Rio+20 faces challenges that the Rio Earth Summit could not have foreseen: a growing gap between the rich and the poor, a global economic crisis, and some 2 billion more people by 2050 relying on the planets natural resources and the environment.
Over the period 2006 to 2010 capacity development was treated as a special topic in a total of 19 peer reviews in recognition of its increasing importance in development co-operation. In addition, how DAC members work to support capacity development in their partner countries has been discussed in many other peer reviews under the heading of aid effectiveness. This booklet draws out some common themes or lessons regarding capacity
This report is about partnerships between DAC members and civil society organisations (CSOs) which can serve many purposes. These include supporting the vital role that CSOs play in enabling people to claim their rights, in promoting rights-based approaches, in shaping development policies and partnerships and in overseeing their implementation, in providing services in areas that are complementary to those provided by states and
More than 200 multilateral agencies - such as the United Nations, the World Bank and the global funds - receive or serve as a channel for about one third of total ODA. Our work on multilateral aid provides a clearer picture of the multilateral system.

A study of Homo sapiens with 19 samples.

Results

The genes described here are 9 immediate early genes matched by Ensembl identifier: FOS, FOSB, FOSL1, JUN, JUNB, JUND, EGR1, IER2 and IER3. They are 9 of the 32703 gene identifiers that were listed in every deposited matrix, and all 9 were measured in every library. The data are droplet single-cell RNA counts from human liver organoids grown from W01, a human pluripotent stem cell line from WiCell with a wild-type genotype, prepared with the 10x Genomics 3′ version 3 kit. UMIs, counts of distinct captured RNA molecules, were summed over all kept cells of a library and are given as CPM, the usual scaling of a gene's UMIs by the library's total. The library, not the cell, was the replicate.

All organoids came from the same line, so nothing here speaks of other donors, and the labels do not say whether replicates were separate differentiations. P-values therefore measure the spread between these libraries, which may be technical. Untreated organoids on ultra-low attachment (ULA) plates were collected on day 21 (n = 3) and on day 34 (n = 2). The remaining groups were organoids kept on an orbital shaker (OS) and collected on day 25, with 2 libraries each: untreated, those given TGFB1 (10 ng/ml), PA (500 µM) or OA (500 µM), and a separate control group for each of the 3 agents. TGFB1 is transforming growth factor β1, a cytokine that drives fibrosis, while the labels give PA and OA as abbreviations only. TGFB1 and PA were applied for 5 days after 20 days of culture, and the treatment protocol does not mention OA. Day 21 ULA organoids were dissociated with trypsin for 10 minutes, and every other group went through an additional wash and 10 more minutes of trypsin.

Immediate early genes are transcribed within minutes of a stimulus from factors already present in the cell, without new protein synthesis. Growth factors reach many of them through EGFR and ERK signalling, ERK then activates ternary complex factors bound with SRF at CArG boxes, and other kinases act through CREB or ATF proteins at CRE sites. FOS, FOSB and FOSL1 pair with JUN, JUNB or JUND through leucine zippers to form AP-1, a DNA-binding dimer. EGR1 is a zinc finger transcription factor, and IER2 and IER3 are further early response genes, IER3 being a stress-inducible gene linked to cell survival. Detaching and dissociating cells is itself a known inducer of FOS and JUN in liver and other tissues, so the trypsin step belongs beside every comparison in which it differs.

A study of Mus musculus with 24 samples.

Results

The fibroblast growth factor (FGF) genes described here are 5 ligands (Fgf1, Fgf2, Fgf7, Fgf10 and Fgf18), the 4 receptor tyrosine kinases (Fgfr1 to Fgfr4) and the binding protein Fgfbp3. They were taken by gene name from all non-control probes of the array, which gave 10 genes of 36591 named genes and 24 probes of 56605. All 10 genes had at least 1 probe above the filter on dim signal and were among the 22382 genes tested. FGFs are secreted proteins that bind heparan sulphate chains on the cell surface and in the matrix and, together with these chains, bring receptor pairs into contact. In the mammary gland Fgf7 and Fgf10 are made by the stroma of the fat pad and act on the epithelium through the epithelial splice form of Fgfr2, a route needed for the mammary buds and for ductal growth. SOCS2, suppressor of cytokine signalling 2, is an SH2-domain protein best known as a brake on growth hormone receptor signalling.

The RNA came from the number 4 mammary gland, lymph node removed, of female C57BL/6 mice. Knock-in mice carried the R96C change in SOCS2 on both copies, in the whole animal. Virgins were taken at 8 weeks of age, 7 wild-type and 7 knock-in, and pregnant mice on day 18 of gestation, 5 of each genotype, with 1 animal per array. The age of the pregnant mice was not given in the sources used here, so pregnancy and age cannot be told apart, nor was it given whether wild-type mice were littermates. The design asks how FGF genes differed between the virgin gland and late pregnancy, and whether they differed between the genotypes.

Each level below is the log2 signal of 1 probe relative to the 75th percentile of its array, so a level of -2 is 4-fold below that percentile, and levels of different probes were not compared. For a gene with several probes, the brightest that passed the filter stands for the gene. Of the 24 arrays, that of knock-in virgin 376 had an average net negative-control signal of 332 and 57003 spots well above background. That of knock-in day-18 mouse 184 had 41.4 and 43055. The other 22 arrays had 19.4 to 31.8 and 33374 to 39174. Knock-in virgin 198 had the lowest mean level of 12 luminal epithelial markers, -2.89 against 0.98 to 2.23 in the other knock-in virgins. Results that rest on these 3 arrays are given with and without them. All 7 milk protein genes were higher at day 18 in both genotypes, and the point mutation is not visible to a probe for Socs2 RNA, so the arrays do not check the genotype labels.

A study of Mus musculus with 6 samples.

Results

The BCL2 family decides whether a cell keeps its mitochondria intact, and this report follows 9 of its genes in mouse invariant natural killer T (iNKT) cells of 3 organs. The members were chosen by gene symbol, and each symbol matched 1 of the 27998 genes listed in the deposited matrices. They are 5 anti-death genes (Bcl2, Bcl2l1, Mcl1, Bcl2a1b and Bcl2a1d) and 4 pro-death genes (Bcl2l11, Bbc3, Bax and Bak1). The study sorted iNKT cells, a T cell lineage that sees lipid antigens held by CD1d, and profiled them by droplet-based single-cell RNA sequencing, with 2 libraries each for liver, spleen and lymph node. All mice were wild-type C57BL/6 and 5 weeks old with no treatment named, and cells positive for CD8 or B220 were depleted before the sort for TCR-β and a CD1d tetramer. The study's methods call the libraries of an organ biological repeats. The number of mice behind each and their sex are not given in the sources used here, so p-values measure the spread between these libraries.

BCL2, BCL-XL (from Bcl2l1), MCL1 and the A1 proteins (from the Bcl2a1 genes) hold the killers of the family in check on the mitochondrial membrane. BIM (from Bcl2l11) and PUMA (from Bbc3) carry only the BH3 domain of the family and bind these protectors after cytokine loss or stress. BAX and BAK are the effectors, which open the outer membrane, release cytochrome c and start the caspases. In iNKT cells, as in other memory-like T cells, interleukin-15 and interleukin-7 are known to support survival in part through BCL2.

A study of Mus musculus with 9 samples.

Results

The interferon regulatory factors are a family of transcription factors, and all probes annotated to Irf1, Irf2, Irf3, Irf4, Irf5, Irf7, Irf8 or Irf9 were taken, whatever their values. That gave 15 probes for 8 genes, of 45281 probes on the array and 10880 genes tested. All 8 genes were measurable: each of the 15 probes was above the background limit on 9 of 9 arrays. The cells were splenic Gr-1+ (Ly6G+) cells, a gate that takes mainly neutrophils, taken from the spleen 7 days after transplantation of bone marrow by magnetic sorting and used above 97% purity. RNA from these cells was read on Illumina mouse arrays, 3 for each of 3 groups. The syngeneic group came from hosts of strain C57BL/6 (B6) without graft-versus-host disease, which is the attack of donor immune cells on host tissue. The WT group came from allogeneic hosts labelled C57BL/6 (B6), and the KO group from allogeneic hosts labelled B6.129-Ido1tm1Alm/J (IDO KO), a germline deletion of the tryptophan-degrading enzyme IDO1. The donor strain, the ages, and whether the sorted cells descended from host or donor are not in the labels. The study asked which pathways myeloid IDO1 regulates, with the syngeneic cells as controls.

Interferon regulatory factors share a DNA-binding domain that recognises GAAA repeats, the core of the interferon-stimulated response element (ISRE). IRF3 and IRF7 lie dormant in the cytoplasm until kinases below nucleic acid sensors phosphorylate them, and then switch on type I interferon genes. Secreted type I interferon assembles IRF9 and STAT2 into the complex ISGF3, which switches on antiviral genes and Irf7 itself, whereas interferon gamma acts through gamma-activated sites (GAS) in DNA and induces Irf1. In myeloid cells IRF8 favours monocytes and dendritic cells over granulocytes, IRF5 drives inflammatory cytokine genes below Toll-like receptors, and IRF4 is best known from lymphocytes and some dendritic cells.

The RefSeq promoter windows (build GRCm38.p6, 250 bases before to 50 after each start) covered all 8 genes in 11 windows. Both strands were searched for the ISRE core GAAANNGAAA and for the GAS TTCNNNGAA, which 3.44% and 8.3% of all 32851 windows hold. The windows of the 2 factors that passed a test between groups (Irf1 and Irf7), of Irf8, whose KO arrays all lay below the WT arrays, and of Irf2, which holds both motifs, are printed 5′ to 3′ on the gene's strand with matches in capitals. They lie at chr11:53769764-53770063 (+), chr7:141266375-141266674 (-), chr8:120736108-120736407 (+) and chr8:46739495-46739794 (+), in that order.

For developing countries, uncertainty about funding can stand in the way of longer-term reforms. For donors, lack of transparency makes it harder to harmonise efforts.To promote transparency, we conduct annual surveys of donors' spending plans for the following years.
This report reviews the Korean catching up and analyzes the recent reforms which have been put in place to address the territorial dimension in the design and implementation of industrial policies, with a view to share knowledge and policy experience with emerging and developing economies.
This year's Global Forum had two main aims: shaping the new OECD Strategy on Development and identifying priorities and best practices in making public expenditure more effective and efficient for development.
The OECD’s Task Force on Tax and Development, meeting in Cape Town, South Africa, launches Tax Inspectors Without Borders/ Inspecteurs des impôts sans frontières – a new initiative to help developing countries bolster their domestic revenues by making their tax systems fairer and more effective.